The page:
For Connecticut's Hamlet, to Run or Not to Run?
When it comes to running for higher office, Richard Blumenthal, Connecticut's popular five-term attorney general, often is described as being as indecisive as Hamlet. ...
When it comes to running for higher office, Richard Blumenthal, Connecticut's popular five-term attorney general, often is described as being as indecisive as Hamlet. That analogy does a disservice to Hamlet who, after all, did end up killing Polonius, Laertes and Claudius. Blumenthal never once has run for higher office and, thankfully, he's never killed anyone either.
The only reason that Blumenthal, a Democrat, has a reputation for inaction and indecision is that he decided not to run for governor in 1994 and 1998 and 2002 and 2006 and, recently, in 2010. In many of these years, Connecticut Democrats waited expectantly for his decision.
But, Blumenthal doesn't really deserve the blame for not running for governor. Circumstances -- specifically strong Republican incumbents -- conspired against him year after year. Finally, Blumenthal may have the perfect office for which to run: the U.S. Senate in 2010. For that, he can thank a fellow Democrat, Sen. Chris Dodd, for committing a series of missteps.
Before I get to that, allow me to recount Blumenthal's electoral history because I find it so fascinating and, in a way, tragic. This is, after all, someone who many observers thought had the brains, political skill, connections and ambition to be president.
Early this year, just days before Blumenthal ruled out a 2010 bid, I was speaking with Kevin Rennie, a former Connecticut state legislator, who told me that Blumenthal's best chance would have been to run for governor in 1994.
I can see his point. Incumbent Gov. Lowell Weicker declined to run again in 1994, creating an open seat. Blumenthal had only one term as AG under his belt, though, and may not have wanted to risk his budding political career on this sort of gamble. Ultimately, Republican John Rowland prevailed with only 36% of the vote in a four-way race.
Quickly, Blumenthal became one of the most popular politicians in America. He's like Eliot Spitzer with more media savvy (and no sex scandal). He's made a name for himself by busting corporate wrongdoers and standing up for consumers.
Still, a popular challenger usually loses to a popular incumbent. Rowland was a popular incumbent in 1998, so Blumenthal passed. Connecticut has no gubernatorial term limits, so Rowland was a popular incumbent again in 2002. Blumenthal passed.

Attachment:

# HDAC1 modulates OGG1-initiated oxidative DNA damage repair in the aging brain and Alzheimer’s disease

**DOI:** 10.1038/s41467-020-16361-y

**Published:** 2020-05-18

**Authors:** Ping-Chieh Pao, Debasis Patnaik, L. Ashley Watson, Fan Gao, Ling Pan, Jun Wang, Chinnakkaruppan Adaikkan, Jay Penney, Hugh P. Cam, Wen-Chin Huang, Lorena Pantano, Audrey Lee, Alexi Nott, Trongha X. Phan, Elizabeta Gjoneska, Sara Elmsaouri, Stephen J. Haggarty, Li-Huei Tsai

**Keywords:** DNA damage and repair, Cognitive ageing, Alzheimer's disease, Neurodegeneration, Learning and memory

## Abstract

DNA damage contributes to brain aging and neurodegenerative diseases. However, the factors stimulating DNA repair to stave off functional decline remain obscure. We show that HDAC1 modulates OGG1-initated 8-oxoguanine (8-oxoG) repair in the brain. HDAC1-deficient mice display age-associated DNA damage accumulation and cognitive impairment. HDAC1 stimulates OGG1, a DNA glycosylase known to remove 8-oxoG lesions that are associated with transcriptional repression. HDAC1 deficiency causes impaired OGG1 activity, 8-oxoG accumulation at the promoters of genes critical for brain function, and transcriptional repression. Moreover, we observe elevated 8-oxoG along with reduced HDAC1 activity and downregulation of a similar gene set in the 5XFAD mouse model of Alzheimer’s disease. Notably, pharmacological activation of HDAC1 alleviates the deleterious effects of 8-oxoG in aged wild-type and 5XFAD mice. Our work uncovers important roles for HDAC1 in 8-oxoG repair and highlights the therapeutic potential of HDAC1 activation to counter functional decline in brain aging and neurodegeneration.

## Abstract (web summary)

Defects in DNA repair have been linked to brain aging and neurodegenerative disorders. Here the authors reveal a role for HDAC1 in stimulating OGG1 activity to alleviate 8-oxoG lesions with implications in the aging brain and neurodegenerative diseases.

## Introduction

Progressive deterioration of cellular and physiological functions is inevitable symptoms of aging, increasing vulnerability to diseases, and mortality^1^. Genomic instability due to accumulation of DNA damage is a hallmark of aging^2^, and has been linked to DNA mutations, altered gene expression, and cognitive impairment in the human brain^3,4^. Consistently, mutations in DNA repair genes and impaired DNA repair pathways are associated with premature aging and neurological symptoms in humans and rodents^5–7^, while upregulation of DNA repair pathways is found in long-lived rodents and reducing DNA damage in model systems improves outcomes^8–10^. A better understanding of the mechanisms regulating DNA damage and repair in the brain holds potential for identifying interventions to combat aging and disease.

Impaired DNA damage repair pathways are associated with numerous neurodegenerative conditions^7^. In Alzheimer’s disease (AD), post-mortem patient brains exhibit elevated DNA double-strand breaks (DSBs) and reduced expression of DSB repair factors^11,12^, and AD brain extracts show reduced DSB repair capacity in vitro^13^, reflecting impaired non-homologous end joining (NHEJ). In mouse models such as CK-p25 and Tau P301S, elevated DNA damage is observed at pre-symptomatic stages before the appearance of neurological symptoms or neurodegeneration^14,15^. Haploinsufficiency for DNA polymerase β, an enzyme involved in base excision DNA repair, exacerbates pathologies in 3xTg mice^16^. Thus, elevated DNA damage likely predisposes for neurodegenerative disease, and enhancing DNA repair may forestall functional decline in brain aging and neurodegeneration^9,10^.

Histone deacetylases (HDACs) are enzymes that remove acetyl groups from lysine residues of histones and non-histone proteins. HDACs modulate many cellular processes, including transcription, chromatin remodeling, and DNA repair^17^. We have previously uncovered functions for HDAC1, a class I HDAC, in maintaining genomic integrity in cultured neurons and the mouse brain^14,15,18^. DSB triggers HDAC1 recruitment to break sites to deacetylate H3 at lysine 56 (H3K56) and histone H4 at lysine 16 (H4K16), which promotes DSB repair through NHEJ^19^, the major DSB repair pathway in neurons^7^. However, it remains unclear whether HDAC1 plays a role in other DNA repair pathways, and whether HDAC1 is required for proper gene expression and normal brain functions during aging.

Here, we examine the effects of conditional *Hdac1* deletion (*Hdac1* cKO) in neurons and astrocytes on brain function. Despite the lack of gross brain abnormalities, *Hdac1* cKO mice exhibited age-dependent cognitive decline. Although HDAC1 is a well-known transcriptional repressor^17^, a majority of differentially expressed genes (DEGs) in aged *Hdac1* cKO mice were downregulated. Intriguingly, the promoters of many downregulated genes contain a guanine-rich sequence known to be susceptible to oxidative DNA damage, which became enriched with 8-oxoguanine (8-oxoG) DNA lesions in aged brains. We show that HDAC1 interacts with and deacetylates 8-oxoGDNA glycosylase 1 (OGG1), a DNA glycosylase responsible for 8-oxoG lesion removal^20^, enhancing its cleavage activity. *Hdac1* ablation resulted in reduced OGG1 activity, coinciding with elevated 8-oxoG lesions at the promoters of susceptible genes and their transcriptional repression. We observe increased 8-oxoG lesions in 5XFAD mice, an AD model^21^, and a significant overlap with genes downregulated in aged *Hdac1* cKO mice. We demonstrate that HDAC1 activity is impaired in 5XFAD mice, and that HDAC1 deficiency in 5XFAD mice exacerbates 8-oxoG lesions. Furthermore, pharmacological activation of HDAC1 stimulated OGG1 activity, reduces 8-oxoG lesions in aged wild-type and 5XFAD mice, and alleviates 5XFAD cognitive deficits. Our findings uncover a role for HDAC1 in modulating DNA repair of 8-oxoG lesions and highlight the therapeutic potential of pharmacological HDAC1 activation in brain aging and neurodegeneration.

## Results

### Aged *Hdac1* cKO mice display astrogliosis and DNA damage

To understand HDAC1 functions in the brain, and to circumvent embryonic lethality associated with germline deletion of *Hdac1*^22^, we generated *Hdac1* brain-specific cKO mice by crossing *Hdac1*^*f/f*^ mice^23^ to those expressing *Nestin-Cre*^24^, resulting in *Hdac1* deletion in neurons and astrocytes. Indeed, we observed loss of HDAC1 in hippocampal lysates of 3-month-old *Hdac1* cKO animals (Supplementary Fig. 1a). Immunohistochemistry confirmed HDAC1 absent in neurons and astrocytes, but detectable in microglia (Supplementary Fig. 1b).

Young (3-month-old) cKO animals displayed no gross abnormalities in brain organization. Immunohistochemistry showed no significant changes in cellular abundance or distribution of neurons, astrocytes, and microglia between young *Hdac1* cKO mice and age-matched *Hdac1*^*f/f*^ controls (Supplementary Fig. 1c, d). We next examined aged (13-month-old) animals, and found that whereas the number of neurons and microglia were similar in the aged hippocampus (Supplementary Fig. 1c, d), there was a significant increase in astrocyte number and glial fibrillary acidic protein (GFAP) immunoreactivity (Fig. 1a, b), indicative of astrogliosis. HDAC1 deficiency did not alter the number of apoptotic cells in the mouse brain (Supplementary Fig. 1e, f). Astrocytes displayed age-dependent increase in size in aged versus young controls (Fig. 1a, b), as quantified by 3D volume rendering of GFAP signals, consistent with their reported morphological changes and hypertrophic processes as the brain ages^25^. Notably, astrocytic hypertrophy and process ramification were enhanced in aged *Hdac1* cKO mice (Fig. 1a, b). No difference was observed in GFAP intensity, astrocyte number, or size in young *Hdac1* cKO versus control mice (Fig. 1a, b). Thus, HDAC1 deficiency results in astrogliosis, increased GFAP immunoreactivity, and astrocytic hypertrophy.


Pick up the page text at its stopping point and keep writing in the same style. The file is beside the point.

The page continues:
Surely, Rowland couldn't stay governor forever. And, he didn't. He was convicted of fraud in 2004 and later went to jail.
But, that allowed his lieutenant governor, Jodi Rell, to come into office and clean up the mess. Rell did that and, as a result, was highly popular when she ran for a full-term in 2006. Blumenthal decided to run for a fifth term as AG that year. Rell is still popular today -- and thinking about running in 2010 -- which is probably why Blumenthal passed once more, despite an approval rating of 81% according to one recent poll.
All of this time, Blumenthal couldn't run for Senate because Connecticut already had two popular Democratic senators in Chris Dodd and Joe Lieberman. Now, that's changed.
Lieberman, of course, was elected as an independent in 2006, though he still caucuses with the Democrats. Blumenthal has appeared to be gearing up for a run for his seat in 2012.
More recently, Dodd's popularity has plummeted, for a combinations of reason -- his quixotic presidential bid, the refinancing of his mortgage by Countrywide and his role (real or imagined) in the A.I.G. bonuses controversy. One poll shows Dodd getting trounced by Republican challengers.
So, this is the time for Blumenthal to announce that he's challenging Dodd in the Democratic primary, right? That wouldn't quite be his style. Here's what he told the Hartford Courant:
Potential Democratic stand-in Richard Blumenthal, Connecticut's popular attorney general, said Thursday that he would consider running for the seat -- but only if Dodd decides on his own to step aside.
"If Sen. Dodd really changes his mind and there is an opportunity, I would very definitely," Blumenthal said. "I would be interested because [serving in the U.S. Senate] has been a long-term, in fact, lifetime, public service goal ... but for right now, I'm focused on being the best possible attorney general I can be."
This move by Blumenthal is actually fairly aggressive. He's telegraphing to Connecticut Democrats that he'll run if Dodd doesn't. If Dodd's numbers don't improve, his own party may begin clamoring for him to step aside. Without getting his hands dirty, Blumenthal may have the open seat he's always wanted.